Life in the sixties was great if you were male. Your wife stayed home, took care of the kids, did the laundry, cleaned house, cooked meals, and was the family operations officer.
Divorce was frowned upon. Newly divorced, with two children and no recent work experience, was not a good situation to be in. There were few female hiring managers and you couldn’t count on them for support. Their status had been hard won and they were not about to risk it for the sisterhood.
Women had the vote, but you’d hardly know it from questions posed by male interviewers who could make personal inquiries such as. “Do you plan to re-marry?” “Not unless hell freezes over” did not come across as being a politically correct response. “Are you out of your freaking mind?” did not seem like a professional response either.
Or, “You will marry again someday and we will have to replace and re-train your position.” One male interviewer actually stated, “You would want to mesh your new union with a child”. With his superior visionary abilities, he had determined in a ten-minute interview my future matrimonial and family planning objectives.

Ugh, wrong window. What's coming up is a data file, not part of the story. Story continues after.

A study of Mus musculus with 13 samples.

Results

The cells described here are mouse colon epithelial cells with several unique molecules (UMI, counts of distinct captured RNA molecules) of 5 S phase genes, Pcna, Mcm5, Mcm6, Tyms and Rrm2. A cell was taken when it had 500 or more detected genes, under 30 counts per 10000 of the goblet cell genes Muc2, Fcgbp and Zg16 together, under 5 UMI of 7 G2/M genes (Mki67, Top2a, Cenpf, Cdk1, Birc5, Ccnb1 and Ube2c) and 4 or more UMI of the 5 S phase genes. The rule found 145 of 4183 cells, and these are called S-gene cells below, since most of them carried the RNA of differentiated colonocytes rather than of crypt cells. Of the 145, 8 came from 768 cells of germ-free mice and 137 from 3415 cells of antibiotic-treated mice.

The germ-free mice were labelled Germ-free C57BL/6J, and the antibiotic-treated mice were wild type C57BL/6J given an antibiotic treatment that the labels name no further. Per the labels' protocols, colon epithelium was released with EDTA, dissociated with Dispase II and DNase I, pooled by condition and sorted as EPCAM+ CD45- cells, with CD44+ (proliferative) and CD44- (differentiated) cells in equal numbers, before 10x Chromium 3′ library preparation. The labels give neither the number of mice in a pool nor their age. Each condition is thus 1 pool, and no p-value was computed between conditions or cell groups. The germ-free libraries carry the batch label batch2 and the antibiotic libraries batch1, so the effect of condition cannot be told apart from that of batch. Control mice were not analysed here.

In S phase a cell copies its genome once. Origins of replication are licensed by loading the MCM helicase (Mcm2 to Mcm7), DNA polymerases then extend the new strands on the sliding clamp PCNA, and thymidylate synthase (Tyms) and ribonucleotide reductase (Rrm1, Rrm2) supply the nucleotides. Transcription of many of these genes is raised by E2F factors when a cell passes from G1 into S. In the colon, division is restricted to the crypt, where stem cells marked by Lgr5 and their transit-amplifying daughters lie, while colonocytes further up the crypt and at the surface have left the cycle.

“What will we do when your children are sick?” Biting my tongue, I wondered, but did not ask, “What do you do when your kids get sick”? Assuring a prospective employer that you had arranged for care for your children was next to impossible.
After swearing to never date or have sex until well past retirement, you might have a chance at getting a job that paid less than a man performing the same duties. After all, men were the head of the household, thus entitled to more compensation. I wanted the opportunity to make a semi decent living, not to become indentured. We were clueless as to how to handle heavy-handed male interviewers. We lived the frustration of reduced potential in terms of capabilities and compensation.
It was “a problem that had no name”, a phrase Betty Friedan introduced in her book The Feminine Mystique to describe the feelings of unhappy married women, with children. While the book did not address social and political inequities for working class women it was the beginning of a start in that direction.
An increasing number of women do not know Betty Friedan and Gloria Steinem paved the way toward the beginning of equality in the workplace. “Those who cannot remember the past are condemned to repeat it”, George Santayana’s quote is a grim prognosticator as lawmakers create new rules that govern the most personal aspect of women’s lives.
If we do not remember our past, don’t be surprised if “Do you plan to marry?” is a query on future job interviews.